Editorial: A vaccination plan that protects the vulnerable




The amount is not massive, coming in at just 249,000 doses. This will apparently only serve to vaccinate half that number of people. So we’re looking at around 125,000 vaccinated persons.

It’s a small number when looked at in relation to the total population of Canada, at over 37 million people. That’s not really what we’re talking about right now though. The first doses are for those most vulnerable and most at-risk of having a serious outcome from COVID-19.

The Ontario government, for example, announced on Monday that long-term care home and retirement residents and staff will be first, followed by health-care workers.

This makes sense. A full 80% of those who died of COVID-19 during the first wave were long-term care residents. This is ultimately where the pandemic is playing out.

Public health officials acknowledge this. Stores are not shut down for fear that younger persons going into those shops will contract the virus and die from it. That’s not what the officials are saying.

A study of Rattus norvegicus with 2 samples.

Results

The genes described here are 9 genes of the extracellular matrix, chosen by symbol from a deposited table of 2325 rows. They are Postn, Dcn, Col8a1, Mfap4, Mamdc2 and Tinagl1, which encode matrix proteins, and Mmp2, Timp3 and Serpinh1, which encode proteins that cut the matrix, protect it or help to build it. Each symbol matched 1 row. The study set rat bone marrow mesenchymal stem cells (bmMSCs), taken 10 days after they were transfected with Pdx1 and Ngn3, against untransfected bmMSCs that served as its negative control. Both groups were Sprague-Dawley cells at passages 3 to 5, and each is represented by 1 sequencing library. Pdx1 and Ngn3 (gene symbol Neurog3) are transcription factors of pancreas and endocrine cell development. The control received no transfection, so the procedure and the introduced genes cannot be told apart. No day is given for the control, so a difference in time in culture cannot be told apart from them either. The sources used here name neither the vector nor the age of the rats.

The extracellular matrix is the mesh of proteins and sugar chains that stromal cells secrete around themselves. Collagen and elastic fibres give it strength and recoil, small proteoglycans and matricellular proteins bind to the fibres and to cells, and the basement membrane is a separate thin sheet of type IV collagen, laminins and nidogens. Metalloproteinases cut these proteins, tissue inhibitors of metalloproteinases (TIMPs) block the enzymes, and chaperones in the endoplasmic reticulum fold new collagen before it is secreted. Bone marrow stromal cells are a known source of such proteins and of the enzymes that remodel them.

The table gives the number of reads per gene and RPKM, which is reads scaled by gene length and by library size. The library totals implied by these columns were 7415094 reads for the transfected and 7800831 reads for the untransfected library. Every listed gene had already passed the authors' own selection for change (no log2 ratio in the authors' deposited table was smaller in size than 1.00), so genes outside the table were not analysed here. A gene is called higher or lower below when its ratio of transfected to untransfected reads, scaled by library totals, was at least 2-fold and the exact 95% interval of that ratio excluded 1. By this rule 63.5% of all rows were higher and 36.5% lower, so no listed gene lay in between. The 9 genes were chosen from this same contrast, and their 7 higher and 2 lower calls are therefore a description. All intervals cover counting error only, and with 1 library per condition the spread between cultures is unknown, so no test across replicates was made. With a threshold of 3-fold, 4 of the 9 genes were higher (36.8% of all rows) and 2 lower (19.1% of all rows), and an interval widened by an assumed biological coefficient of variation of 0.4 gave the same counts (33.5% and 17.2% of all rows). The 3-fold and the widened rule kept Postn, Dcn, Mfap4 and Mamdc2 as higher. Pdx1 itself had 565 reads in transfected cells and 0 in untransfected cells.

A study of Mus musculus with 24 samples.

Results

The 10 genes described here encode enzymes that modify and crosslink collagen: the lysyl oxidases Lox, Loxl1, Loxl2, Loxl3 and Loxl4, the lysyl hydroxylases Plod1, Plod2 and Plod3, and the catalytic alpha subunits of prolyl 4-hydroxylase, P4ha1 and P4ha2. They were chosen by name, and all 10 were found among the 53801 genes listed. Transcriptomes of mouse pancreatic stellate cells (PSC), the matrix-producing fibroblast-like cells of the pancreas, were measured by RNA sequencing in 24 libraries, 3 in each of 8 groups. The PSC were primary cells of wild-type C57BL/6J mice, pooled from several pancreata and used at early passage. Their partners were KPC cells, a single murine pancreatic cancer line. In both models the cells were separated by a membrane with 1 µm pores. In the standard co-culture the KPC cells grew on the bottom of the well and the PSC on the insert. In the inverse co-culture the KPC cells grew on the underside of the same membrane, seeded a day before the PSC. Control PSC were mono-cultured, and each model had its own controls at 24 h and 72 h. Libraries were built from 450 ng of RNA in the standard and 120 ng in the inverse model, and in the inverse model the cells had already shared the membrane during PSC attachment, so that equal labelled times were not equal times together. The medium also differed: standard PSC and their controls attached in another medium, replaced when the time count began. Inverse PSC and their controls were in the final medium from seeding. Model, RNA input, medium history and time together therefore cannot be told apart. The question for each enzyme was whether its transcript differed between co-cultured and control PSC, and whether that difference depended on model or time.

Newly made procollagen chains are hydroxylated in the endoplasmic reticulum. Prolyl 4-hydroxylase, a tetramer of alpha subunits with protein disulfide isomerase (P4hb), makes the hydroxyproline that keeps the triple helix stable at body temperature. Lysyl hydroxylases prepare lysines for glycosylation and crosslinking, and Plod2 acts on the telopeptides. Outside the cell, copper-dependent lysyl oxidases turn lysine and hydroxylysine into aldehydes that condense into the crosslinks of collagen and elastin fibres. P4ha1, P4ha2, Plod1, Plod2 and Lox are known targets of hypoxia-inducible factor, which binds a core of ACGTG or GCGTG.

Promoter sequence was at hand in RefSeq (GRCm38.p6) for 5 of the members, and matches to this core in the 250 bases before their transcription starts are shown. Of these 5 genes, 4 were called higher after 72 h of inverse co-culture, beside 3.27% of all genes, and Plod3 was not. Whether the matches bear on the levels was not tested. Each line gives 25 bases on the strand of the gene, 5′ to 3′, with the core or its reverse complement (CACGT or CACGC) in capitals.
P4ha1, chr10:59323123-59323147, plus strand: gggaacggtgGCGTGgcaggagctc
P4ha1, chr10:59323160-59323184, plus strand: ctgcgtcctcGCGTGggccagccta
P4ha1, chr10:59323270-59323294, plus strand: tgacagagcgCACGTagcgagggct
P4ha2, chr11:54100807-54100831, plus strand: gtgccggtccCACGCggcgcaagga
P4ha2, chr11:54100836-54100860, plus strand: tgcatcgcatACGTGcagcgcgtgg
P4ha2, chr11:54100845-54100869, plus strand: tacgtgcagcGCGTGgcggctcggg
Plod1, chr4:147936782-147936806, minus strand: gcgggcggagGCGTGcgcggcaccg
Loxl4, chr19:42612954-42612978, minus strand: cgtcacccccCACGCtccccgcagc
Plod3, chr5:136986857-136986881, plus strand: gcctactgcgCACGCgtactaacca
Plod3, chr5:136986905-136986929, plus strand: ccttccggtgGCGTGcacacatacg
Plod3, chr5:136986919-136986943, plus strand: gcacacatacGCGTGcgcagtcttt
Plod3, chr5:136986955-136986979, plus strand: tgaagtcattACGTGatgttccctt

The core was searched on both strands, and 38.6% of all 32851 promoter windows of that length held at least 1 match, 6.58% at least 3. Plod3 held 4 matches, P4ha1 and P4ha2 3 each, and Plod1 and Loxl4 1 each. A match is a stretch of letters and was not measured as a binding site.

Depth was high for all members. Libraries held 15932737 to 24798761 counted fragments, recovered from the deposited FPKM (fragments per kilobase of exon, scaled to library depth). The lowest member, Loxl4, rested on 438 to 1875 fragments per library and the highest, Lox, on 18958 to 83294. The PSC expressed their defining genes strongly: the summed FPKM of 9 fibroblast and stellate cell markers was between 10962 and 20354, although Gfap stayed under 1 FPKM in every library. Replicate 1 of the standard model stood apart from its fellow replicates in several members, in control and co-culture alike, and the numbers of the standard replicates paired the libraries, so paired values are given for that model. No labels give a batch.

No, those restrictions are in place to stop the virus from spreading more broadly in the community and then making its way to high-risk persons who may enter the hospital and even tragically die of it.

We still believe that there must be a smarter way to manage COVID-19 that protects the vulnerable and eases the restrictions on low-risk persons.

But whatever your perspective, making vaccines available to high-risk persons first is a win for all.

The more that people who are most likely to die from COVID-19 get the vaccine, the more they are protected and the less of an argument there is for the various restrictions currently causing other problems in our communities.

Everyone who wants a vaccine should have access to it, just like with the flu shot.

Canadians in lower risks categories though should also see the benefits of letting others go first.